Nutrition vs Supplements: Which is Better?

What sets GEM apart from the rest of the vitamin aisle? A lot of things – convenience, price, sustainability. But above all else, we’re made real.

Unlike other vitamins synthetically made in a lab, GEM is made from the ground-up with 13 real foods like dates, pumpkin seeds, and mushrooms.

Because we use real ingredients, GEM is regulated by the FDA as a food, not a supplement. This is a big deal. Because it not only means that GEM is produced differently (in a facility with other organic food products and not in a lab of pills and capsules), but we’re regulated and labeled differently.  

Let’s dive into the nitty-gritty on what this means for consumers:

On the top is GEM's nutritional fact panel and the bottom is a randomly chosen supplement panel.



These two labels highlight three key differences that illustrate why a nutrition fact panel is better than a supplement one: 

1. No Shady Ingredients: The Food and Drug Administration maintains a list of food ingredients that they have tested and determined as “generally regarded as safe” (GRAS, for short). Only products that use all GRAS ingredients can have nutritional fact labels. Let’s take energy drinks for example. Most energy drinks on the market are labeled as dietary supplements because they contain ingredients that are not GRAS. Therefore they aren’t required to list ingredients on the label and can be sold with increasingly dangerous levels of caffeine and toxins. This is why Four Loko took a dangerously long five years to get regulated by the FDA. 

2. No Hidden Ingredients: A nutritional fact panel requires all ingredients to be listed on the label by order of volume, from most to least used in the product. Supplement panels are able to list their ingredients as part of a “proprietary blend,” which means the specific amount of each individual ingredient in the “blend” does not have to be listed, only the total of the blend itself. So as a consumer, you have no idea if the product has more corn syrup or kale. Worse, in each of these “proprietary blends,” companies can conceal ingredients – this is where you get hidden fillers and toxic binders. You have no idea what dirty ingredients may be lurking beneath the surface of a supplement label.

For example, this label lists the active ingredients as a Premium Proprietary Blend– but all of its fillers and binders are left out. We have no idea what’s in each softgel or how much of it.

Inherently by design, consumers don't have full transparency into what they are taking. Unless a company provides a full label disclosure, we are left in the dark as to what we are putting into our bodies.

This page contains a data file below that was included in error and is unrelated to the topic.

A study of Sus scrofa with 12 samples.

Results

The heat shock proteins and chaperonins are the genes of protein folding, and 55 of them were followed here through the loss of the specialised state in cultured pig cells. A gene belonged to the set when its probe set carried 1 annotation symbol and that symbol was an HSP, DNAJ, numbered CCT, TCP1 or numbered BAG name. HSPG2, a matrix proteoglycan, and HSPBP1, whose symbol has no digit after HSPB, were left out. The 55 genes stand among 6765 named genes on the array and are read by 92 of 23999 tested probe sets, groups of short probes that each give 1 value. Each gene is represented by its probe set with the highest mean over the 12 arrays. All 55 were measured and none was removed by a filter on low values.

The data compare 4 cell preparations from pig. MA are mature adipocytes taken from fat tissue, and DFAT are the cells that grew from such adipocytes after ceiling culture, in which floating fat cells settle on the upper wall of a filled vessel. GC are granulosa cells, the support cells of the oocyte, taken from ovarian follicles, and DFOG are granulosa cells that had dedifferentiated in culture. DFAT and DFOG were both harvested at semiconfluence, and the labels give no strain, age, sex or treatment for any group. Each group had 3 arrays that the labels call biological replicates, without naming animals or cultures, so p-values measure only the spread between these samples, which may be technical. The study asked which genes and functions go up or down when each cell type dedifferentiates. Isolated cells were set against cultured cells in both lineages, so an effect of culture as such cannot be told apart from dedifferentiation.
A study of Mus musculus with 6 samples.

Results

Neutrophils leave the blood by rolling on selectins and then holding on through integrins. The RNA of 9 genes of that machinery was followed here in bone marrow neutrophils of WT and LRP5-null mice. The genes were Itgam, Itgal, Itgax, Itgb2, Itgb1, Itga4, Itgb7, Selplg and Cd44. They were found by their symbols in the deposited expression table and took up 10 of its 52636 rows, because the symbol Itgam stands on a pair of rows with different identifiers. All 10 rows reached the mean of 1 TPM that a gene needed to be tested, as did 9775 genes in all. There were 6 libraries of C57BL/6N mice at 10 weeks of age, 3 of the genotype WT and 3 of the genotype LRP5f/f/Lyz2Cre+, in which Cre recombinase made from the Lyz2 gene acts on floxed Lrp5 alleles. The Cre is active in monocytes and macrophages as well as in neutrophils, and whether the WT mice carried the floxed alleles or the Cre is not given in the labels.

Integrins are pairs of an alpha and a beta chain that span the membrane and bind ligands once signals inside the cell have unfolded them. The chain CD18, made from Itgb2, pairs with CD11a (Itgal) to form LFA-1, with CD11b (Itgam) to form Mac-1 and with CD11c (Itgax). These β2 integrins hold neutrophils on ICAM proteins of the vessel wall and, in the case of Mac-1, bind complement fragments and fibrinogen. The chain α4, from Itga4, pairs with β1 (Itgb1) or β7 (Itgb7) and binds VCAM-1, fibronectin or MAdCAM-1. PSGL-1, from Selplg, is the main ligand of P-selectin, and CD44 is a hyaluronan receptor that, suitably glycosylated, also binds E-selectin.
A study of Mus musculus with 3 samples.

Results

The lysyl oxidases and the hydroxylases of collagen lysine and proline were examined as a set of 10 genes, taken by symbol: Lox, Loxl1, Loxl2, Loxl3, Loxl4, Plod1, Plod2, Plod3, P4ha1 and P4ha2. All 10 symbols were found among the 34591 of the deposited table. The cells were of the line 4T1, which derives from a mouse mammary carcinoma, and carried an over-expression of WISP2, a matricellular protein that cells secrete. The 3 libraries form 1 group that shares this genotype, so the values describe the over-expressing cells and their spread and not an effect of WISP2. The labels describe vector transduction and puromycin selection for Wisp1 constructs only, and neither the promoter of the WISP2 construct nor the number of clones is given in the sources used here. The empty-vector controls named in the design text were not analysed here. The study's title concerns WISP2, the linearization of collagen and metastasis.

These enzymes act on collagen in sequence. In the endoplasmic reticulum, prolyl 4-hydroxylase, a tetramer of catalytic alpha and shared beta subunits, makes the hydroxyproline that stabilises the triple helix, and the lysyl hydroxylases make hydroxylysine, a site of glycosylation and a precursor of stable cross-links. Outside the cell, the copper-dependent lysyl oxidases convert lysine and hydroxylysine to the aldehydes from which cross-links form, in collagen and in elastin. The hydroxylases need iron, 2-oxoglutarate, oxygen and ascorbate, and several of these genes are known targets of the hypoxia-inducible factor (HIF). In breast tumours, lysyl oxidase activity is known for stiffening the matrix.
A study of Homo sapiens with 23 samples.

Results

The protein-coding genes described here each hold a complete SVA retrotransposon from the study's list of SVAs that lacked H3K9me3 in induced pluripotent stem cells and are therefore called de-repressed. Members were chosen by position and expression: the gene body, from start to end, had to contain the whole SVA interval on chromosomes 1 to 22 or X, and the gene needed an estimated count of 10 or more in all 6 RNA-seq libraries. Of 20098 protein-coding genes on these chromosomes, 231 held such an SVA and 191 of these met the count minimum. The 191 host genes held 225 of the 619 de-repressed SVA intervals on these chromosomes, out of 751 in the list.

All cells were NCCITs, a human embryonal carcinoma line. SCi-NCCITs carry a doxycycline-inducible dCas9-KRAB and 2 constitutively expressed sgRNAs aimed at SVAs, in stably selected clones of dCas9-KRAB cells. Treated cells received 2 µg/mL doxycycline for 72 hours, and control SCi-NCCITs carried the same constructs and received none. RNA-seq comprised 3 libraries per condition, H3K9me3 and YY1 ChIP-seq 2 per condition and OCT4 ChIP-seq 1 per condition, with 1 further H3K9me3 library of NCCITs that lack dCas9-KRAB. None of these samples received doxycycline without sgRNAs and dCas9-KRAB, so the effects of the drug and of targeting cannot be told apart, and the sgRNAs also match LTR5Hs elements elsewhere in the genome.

Worse, even when a company doesn't have a "proprietary blend" and lists the full ingredients, there could still be sneaky binders and fillers that they don't have to disclose to you as a supplement.

For example, most vitamin D3 on the market, like the product below which is listed as the first ever "vegan vitamin D3", comes from what a labels says is lichen (a type of algae). Given how much we love algae, we got really excited and went all over the world trying to find this single vegan source of vit D3 for GEM.

Yet when we received the health inspector's production panel (bottom image) from the vitamin D3 powder, we found there was a lot more than just algae but "maltodextrin, unmodified cornstarch, sucrose, and silicon dioxide." So this vitamin D3 supplement contains not just 3 ingredients (chamomile, lichen, & chicory), but also corn, sugar, and other questionable additives. That's why we chose our vitamin D from mushrooms, and just mushrooms. 


3. No Misleading Claims: Supplement fact panels are able to make unsubstantiated claims that are not pre-approved by the FDA. There are three types of claims supplements can make:

1. Functional Claims: Any claim describing the role of a nutrient or ingredient that will affect or maintain the day-to-day function of the human body

a.  Example: Calcium builds strong bones.

2. General Well-Being Claims: Claims about a nutrient leading to general well-being after consumption
a.  Example: Contributes to good health.

3. Nutrient Deficiency Claims: Claims that outline a benefit to the product related to a nutrient deficiency or disease
a.  Example: Vitamin C prevents Scurvy.

Despite any kind of egregious or life-saving claims a supplement might make on the front of the label, they then often include a disclaimer on the back that reads: “These statements have not been evaluated by the Food and Drug Administration. This product is not intended to diagnose, treat, cure or prevent any disease.”

So you have a label with a front and back that contradicts itself – is it life-saving or not at all? Who knows. The point is that we believe in transparent and truthful labels, not misleading ones.

In summary, we're proud to be a real food replacing your multivitamin and with a nutritional fact panel that is transparent, real, and safe.